Take the chance to visit this nearby village, often described as one of the most picturesque in Spain. Sitting in a hilly region to the south, the streets here are free of cars and lined with timber-framed houses decorated with colourful window boxes. All of which gives you the feeling that you’ve stepped back a few centuries in time. The pace of life is slower here, making it the perfect place to sit at a pavement café simply people-watching and soaking up the atmosphere. The one-hour drive takes you along scenic country roads in an area bordering the area’s mountainous UNESCO biosphere reserve, before arriving in La Alberca.
This small city to the north is packed for of Gothic architecture and medieval history. It’s famous for medieval religious sites like the San Pablo Church, built in the Spanish Gothic style and dating from the 1400s. There’s also the Royal Palace, home to royalty in the 1600s. The city also has some excellent museums and galleries including the National Sculpture Museum, and the Christopher Columbus Museum, telling the story of the explorer, who died here in Valladolid. It’s an easy one-hour drive from Salamanca through green countryside.
Love it or hate it, Salamanca is in the heart of bullfighting country, and the sport is a proud tradition in the region. If you’re visiting in early August, visit this small town to experience the crazy Carnaval de Toros, when the town’s Plaza Mayor is transformed into a bullfighting ring and locals party nonstop at the many open-air cafés, creating a very lively atmosphere. It’s just an hour’s drive from Salamanca, and if you want to join the party instead of driving back, it’s possible to find overnight accommodation in the town.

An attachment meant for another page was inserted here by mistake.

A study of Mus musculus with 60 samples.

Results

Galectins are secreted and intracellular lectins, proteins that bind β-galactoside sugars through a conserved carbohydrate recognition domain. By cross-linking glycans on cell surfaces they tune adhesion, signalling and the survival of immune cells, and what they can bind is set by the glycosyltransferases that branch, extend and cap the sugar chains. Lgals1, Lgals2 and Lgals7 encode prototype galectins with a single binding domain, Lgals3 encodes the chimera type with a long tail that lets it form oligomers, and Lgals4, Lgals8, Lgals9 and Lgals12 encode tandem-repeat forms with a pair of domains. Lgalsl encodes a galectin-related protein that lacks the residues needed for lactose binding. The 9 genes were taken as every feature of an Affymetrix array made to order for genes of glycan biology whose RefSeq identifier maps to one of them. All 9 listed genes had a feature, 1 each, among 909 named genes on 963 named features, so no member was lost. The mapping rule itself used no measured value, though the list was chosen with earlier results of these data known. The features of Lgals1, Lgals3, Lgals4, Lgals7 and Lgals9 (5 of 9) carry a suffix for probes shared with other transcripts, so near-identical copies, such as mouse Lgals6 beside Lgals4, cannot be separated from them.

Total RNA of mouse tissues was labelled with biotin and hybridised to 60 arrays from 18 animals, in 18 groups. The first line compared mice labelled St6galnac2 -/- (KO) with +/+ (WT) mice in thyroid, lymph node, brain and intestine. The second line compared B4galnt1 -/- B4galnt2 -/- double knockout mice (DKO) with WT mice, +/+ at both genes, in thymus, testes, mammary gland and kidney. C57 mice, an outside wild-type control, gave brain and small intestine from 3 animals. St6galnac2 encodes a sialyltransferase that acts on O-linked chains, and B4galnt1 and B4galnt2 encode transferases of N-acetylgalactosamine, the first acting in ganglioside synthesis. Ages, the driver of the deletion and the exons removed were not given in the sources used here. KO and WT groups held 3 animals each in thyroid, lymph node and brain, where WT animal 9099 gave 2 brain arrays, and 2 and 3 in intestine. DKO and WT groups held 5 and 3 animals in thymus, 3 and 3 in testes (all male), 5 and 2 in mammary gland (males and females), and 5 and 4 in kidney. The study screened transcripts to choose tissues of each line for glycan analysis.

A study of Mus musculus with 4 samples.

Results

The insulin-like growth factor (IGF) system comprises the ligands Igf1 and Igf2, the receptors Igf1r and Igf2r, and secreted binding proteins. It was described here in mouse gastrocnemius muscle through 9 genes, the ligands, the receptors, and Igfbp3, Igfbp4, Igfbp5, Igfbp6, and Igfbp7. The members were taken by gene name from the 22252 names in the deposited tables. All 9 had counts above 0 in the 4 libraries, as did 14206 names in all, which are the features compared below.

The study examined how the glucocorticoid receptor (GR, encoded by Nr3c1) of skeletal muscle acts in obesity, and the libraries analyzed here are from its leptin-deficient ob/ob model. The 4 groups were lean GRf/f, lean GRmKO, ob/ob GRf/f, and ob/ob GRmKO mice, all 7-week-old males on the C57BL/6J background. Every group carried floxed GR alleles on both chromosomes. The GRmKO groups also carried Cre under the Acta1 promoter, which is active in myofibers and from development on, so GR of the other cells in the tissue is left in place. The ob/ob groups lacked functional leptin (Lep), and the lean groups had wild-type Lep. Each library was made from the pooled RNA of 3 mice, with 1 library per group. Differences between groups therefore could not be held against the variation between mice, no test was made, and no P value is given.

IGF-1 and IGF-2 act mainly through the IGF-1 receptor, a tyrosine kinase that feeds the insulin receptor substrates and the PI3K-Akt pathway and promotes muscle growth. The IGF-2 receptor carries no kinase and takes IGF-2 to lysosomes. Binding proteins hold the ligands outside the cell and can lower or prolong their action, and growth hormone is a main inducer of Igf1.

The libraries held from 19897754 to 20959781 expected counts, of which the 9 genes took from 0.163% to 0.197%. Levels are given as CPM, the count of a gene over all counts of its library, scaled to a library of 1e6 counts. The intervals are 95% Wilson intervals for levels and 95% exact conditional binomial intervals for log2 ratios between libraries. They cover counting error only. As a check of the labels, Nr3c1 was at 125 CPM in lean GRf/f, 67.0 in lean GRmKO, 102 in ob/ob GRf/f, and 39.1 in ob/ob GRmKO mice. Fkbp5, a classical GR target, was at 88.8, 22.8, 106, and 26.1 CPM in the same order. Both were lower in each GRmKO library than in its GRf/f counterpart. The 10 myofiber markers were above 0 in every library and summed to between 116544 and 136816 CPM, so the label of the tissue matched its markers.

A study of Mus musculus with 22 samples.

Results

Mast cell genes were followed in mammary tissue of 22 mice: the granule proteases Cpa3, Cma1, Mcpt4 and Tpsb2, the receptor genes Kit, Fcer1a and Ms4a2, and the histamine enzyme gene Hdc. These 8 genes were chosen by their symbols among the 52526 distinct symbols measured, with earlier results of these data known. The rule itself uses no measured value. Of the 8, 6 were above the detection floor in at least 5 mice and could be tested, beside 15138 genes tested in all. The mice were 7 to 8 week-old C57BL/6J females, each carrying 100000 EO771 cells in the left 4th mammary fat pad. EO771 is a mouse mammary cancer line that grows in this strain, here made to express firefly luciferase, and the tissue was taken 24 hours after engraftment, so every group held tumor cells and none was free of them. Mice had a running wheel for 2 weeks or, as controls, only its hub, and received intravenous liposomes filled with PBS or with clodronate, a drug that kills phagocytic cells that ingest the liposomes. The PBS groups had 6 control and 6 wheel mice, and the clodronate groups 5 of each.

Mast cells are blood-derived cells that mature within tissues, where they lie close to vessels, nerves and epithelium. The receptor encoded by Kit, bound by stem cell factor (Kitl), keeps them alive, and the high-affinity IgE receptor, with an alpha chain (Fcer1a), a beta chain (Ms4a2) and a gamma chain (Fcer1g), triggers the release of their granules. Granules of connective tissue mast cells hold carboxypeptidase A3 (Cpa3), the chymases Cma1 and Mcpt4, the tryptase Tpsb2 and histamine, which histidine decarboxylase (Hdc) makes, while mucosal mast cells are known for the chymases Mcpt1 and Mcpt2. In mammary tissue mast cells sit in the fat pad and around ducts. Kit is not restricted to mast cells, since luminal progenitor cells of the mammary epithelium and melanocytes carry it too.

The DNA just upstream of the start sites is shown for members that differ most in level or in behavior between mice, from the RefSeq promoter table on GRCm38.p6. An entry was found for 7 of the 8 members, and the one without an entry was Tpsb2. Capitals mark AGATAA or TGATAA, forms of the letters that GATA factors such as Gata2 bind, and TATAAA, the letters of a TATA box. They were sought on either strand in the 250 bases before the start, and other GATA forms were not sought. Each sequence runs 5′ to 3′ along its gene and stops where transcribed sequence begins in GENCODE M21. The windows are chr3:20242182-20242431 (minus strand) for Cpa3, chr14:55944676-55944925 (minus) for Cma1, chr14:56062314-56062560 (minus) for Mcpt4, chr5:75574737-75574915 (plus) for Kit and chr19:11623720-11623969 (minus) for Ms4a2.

Wine lovers can’t get enough of this region, and it’s easy to see why. If you want to taste the incredible wines in the Castilla y Leon region surrounding Salamanca, hop in the car and head for the Ribero del Duero region. This is the home of some of the most renowned wine in Spain, rivalling even Rioja. Start near Valladolid and explore the country roads near the river as it winds southwest towards Portugal. You’ll find yourself surrounded by vineyards devoted to tempranillo, and there are no end of small wineries to visit. For more details, check out our guide to the wine regions of Castilla y Leon.
Another must-visit for wine connoisseurs is La Milla de Oro, or The Golden Mile, found to the west of the Ribera del Duero region. The prestigious route is made up of wineries dotted along the Duero river. Thought to have a special micro-climate, the Golden Mile is home to some of Spain’s most renowned wineries, locally known as Vino de la Tierra. The area has an ancient wine-making tradition dating back to Roman times. Start your exploration at the villages of Sardón del Duero and nearby Retuerta, both of which are surrounded by vineyards included in the Golden Mile.
A UNESCO World Heritage Site, Ávila is a treasure trove for history lovers. Walking the cobbled streets will take you back to the times of old Spain, as you discover the town is packed with stunning museums and churches enclosed by impressive medieval walls. The entire wall is lit up spectacularly at night, making it a great place for a romantic walk.
If you prefer to immerse yourself in nature, it’s worth the one hour drive north to visit Lagunas de Villafáfila, a popular nature reserve famous for sightings of rare birds in and around the peaceful lagoons. Numerous hiking trails start from here, and the Park House is staffed by knowledgeable volunteers who can give you all the information you need to explore the area. Find more information on the official website.